There’s more to this green revolution than just reuse, reduce and recycle. The effort to conserve the planet will have to include changing the ways in which people get where they need to go.
A new behavioral economics study out of SF State shows how “smart” urban growth can contribute to a reduction in vehicle emissions. The term smart growth is all about denser cities with jobs being placed closer to home with more public transportation.
“The results of the study are exciting because it confirms what a lot of smart growth theorists have argued since the ’70s — that people will drive less if urban centers are more ‘compact’ and destinations are more easily and affordably reached without a car,” said Emily Taylor, a master’s student at SF State who worked on the project.
By planning urban spaces with smart growth plans, each household could travel 4,400 miles less each year. With just a 10 percent increase in smart growth features in cities, the study shows each house would travel 20 percent less.
“When people have been driving an hour each way to and from work, they may realize the time cost that they are paying for living in the sprawl areas, but they may not be able to afford to live closer,” Taylor said.
Professor Sudip Chattopadhyay, chair of the economics department, whose study was published several weeks ago in “The B.E. Journal of Economic Analysis & Policy,” believes urban design solutions can create cities that are greener and more compact.
“Transportation is an issue in California that contributes to about 38 to 40 percent of energy consumption and greenhouse gas emissions,” Chattopadhyay said.
While San Francisco may have many green features with its high-density housing and ample public transit, the city and surrounding areas have plenty of room for smart development.
“If cities like Sacramento, Bakersfield and Modesto all had smart growth features that have been used in San Francisco or Los Angeles, then we would find a 55 percent reduction in terms of vehicle miles traveled,” Chattopadhyay said.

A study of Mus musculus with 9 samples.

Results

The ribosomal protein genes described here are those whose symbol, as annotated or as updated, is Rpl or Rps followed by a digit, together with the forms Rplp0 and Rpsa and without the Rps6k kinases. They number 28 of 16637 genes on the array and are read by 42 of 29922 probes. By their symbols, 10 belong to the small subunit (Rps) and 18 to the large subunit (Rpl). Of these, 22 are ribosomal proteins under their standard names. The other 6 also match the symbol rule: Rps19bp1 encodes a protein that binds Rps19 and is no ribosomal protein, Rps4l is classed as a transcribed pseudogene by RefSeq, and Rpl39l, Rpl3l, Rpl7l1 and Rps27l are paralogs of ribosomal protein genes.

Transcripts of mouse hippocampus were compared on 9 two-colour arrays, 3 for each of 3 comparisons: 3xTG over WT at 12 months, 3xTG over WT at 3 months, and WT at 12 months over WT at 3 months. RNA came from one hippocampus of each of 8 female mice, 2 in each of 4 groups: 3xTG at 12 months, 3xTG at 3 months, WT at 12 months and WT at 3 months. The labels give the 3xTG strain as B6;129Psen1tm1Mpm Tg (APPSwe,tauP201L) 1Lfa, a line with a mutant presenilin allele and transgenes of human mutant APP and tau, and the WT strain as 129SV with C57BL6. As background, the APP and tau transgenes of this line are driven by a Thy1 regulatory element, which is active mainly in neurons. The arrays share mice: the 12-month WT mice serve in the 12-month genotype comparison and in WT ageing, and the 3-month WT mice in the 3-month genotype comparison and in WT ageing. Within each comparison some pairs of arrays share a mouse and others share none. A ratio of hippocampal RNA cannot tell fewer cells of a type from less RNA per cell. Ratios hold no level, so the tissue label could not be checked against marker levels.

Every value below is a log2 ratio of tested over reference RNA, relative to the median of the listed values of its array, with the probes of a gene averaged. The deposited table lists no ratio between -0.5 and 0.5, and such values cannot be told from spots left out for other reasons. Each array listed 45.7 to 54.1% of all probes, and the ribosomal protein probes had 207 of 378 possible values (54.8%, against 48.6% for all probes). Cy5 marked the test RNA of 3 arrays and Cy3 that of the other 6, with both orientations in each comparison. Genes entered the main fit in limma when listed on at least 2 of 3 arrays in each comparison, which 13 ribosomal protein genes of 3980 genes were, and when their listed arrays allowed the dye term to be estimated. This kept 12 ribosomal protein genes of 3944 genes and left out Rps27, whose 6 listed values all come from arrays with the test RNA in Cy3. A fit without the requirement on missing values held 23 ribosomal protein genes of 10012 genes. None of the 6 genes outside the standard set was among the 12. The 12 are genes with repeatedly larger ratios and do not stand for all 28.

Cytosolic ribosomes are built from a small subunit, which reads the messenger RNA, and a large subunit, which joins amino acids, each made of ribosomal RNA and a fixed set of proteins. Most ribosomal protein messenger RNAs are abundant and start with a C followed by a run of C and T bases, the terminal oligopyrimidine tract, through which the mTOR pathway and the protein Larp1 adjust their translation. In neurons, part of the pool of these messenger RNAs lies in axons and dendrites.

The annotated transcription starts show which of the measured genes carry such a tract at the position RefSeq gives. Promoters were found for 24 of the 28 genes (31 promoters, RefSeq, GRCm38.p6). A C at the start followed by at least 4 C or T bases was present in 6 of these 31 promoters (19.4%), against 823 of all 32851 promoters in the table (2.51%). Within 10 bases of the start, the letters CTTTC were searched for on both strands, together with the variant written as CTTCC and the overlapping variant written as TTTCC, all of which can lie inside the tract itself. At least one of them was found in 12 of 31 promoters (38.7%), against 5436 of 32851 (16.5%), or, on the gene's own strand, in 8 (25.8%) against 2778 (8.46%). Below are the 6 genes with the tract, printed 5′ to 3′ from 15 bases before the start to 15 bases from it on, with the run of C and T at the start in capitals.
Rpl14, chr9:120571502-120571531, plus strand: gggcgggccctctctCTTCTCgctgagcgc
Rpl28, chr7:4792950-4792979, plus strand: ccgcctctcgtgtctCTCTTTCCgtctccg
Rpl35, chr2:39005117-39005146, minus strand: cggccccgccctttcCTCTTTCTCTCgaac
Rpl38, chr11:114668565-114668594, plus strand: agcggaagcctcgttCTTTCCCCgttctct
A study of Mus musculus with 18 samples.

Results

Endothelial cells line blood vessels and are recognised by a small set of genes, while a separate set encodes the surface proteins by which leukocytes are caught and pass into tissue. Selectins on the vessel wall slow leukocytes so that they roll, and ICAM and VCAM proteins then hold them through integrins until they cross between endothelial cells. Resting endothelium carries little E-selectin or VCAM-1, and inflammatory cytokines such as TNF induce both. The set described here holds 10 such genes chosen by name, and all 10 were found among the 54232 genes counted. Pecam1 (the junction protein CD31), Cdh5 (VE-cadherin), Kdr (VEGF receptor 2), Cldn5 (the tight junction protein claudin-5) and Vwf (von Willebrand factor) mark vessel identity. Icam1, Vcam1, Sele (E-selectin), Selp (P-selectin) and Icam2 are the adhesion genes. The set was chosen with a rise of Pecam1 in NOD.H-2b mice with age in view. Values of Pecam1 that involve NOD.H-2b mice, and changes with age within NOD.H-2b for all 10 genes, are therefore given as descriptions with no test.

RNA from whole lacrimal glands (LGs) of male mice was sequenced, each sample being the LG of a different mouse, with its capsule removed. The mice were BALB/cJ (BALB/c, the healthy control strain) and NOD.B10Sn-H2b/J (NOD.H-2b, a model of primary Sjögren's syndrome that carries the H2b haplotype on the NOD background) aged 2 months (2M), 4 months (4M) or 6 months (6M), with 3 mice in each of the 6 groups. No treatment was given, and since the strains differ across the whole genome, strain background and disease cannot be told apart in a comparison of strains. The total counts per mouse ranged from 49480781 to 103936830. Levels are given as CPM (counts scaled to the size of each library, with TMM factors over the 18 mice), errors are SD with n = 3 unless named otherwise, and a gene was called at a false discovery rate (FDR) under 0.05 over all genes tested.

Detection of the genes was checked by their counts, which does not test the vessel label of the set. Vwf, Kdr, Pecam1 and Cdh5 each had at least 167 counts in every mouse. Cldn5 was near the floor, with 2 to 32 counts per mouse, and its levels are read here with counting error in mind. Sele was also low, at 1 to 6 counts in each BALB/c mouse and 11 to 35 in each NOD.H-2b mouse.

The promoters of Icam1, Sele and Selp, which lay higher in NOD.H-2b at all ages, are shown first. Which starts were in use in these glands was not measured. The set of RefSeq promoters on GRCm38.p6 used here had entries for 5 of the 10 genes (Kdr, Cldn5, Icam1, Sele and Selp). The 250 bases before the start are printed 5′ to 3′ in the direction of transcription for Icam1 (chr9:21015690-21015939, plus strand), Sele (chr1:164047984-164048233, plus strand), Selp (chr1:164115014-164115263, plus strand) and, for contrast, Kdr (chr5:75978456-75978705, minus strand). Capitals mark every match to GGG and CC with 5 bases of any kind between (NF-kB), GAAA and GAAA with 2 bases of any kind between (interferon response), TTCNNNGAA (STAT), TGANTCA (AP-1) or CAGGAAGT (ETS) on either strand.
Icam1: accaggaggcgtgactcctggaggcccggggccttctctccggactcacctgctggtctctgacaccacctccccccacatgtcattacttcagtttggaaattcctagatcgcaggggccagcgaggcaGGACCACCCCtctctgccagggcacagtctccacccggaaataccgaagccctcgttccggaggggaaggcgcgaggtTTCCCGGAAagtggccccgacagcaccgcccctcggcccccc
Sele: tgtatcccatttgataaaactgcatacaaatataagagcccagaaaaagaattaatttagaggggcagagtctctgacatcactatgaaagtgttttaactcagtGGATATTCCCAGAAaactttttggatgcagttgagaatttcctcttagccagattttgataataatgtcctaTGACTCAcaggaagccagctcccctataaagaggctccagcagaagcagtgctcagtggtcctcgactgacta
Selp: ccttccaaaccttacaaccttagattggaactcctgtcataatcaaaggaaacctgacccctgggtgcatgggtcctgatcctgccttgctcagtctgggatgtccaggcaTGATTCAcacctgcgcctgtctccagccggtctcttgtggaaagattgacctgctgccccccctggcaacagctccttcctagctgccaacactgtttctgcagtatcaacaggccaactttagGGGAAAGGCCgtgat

Chattopadhyay feels the findings from the study are in line with California’s current green policies, like Assembly Bill 32, which aims to reduce a certain amount of greenhouse gas emissions by 2020, and State Bill 375, a piece of anti-urban sprawl legislation.
While many countries are trying to offset their carbon debt by implementing some sort of tax, Chattopadhyay feels smart growth is a more permanent solution.
“A tax is not politically expedient and can be short lived,” Chattopadhyay said. “It doesn’t generate employment.”
Hsiao-Yun Chu, an associate professor in the department of design and industry, understands that urban design is not the leading or most popular solution of the green revolution.
“Rather than waiting around for scientists to create some new energy source or for urban planners to design the ideal city, we all have the power right now to make smarter choices in where we live, the type of car we drive, what we buy, and how we use energy and water within the home,” she said.
By proving on paper that urban design can cut down car emissions, these researchers have paved the way for the future city architects to pitch and build greener solutions.
This story has been updated to fix the misnaming of Emily Taylor. The previous version attributed her as Emily Ward. Golden Gate Xpress regrets the error.